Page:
What is COPD?
COPD (Chronic Obstructive Pulmonary Disease) is defined as generally irreversible progressive chronic airflow obstruction. COPD is the 4th leading cause of death in the US. Some 14 million patients, 20% of adults, in the US have been diagnosed with one of the two subclassifications of COPD, chronic bronchitis or emphysema.
First aiders should be aware of COPD due to its increasing prevalence globally.
Risk factors include smoking and exposure to smoke, occupational pollutants, family history, recurrent respiratory infections, and protease deficiencies. However, smoking is responsible for 80-90% of COPD cases. Prevalence, incidence and mortality rates increase with age.
Chronic bronchitis is characterized by a productive cough, mucus overproduction, and inflammation of the bronchial tubes lasting 3 months or more in 2 consecutive years. Patients are usually diagnosed in their 30’s and 40’s. The overwhelming indicative factor is a history of smoking. Other sources of environmental pollution can cause chronic bronchitis as well. For more information, see e-Bronchitis.org.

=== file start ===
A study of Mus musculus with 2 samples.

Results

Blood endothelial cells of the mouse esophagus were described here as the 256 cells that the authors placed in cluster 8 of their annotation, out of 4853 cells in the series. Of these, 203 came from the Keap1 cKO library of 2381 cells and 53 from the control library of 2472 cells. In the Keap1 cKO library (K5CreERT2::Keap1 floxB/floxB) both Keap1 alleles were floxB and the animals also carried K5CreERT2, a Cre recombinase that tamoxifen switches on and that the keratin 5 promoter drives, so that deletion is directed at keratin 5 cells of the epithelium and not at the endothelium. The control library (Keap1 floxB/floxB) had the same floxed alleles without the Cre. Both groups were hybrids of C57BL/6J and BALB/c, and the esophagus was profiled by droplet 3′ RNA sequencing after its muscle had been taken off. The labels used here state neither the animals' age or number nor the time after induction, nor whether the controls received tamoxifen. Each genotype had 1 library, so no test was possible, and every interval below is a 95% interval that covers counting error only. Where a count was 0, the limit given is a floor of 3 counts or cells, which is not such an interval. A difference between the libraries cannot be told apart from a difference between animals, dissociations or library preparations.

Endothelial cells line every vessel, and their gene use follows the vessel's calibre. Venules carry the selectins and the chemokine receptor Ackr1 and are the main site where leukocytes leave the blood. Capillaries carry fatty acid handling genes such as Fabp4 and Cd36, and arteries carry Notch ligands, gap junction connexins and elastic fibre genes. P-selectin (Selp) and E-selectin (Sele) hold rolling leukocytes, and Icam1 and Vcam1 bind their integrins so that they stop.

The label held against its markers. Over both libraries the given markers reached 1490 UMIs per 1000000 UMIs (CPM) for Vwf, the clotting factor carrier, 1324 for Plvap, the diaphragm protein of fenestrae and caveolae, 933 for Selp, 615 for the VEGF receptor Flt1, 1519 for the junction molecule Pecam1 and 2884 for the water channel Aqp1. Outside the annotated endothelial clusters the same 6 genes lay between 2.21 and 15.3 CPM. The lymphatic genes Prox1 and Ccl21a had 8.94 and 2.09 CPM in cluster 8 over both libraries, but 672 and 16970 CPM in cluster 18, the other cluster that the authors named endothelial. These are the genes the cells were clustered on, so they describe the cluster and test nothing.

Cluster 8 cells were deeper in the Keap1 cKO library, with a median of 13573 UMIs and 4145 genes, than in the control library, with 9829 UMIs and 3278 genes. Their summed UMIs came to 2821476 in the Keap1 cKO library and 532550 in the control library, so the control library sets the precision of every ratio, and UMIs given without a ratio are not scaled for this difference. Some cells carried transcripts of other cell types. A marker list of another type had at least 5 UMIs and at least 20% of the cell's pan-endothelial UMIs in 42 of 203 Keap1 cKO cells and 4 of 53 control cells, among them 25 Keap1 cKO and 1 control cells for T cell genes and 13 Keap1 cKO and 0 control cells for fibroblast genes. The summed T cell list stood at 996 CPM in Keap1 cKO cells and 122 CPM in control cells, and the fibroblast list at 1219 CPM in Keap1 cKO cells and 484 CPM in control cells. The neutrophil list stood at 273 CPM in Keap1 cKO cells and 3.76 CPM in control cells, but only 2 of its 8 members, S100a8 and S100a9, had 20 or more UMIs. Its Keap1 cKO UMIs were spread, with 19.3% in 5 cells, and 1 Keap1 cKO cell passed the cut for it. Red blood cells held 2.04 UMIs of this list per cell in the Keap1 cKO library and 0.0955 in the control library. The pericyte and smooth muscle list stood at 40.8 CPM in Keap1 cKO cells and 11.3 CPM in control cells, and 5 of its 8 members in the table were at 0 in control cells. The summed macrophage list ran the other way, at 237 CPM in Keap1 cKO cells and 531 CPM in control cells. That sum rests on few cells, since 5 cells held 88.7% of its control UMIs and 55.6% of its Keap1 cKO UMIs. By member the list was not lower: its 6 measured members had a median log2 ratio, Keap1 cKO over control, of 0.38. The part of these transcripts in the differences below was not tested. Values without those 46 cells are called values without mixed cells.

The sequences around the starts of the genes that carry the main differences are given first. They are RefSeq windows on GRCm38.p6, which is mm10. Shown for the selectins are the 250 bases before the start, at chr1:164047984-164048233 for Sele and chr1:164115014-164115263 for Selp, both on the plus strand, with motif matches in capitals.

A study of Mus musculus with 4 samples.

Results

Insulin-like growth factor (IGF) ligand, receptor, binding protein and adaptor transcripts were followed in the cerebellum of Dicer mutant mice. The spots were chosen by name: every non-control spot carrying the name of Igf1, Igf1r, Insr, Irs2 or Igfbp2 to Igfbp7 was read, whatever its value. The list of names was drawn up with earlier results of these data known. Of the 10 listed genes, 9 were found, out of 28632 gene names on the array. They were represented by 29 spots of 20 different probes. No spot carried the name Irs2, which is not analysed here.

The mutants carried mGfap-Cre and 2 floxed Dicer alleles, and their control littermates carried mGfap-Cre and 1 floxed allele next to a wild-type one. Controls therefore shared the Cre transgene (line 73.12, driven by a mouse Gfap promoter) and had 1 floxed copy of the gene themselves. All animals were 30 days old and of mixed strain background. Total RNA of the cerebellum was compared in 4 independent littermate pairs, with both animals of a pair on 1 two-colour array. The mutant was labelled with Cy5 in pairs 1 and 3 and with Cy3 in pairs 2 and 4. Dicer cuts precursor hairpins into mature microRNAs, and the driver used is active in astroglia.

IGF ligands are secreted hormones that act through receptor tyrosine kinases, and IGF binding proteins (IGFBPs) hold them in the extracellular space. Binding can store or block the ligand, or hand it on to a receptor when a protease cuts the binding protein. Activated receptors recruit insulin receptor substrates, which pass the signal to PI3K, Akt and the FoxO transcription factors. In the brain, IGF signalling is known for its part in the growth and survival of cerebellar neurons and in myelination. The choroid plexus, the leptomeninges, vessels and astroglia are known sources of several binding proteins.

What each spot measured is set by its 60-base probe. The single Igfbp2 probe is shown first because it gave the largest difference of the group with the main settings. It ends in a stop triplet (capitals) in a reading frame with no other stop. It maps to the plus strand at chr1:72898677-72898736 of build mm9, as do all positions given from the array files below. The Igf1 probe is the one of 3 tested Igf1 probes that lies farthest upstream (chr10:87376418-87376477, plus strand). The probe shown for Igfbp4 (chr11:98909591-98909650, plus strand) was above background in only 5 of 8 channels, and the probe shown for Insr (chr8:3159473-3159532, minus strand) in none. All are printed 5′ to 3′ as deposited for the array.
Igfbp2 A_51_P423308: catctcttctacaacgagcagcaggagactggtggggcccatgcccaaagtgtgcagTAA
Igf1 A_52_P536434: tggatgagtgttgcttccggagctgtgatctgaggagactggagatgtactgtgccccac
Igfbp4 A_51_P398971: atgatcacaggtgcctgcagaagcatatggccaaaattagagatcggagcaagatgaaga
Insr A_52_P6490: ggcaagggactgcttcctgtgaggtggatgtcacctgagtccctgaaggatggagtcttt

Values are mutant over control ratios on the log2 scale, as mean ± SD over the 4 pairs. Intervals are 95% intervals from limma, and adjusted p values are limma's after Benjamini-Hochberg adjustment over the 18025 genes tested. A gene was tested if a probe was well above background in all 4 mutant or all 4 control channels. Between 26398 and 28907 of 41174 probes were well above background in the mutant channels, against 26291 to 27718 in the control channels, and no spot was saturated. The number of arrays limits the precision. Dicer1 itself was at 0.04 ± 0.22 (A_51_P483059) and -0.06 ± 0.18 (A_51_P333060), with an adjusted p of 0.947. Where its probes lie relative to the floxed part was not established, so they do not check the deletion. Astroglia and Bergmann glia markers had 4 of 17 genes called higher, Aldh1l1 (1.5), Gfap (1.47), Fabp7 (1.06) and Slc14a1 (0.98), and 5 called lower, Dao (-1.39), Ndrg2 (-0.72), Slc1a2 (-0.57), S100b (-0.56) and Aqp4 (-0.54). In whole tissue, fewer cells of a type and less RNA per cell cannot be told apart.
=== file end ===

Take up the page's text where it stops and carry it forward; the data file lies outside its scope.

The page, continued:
Emphysema is characterized by alveolar distention and destruction due to the destruction of elastic fibers by elastase from white blood cells (neutrophils). Naturally occurring antitrypsin in the lung can be inactivated by oxygen radicals derived from cigarette smoke. Antitrypsin is a serine protease inhibitor and therefore a protectant against damage to elastic fibers in connective tissues.
Weight loss, dyspnea, hypoxia, tachypnea are symptoms of emphysema. Physical examination and history will suggest the possibility of COPD. Chest x-rays and pulmonary function tests help to confirm the diagnosis and exclude other possibilities such as tuberculosis or cancer. Treatments include lung reduction surgery, smoking cessation, and lung transplant. Symptomatic therapy is aimed as reducing bronchoconstriction and inflammation. Bronchdilators, anticholinergics, theophylline, corticosteroids, and antibiotics may be prescribed. Oxygen therapy and pulmonary rehabilitation are helpful in many patients. Influenza vaccine should be given yearly and the pneumococcal vaccine should be given once and again six years later.
Preventative measures include smoking cessation, pulmonary rehabilitation, exercise, influenza vaccine, pneumococcal vaccine, nutritional supplementation.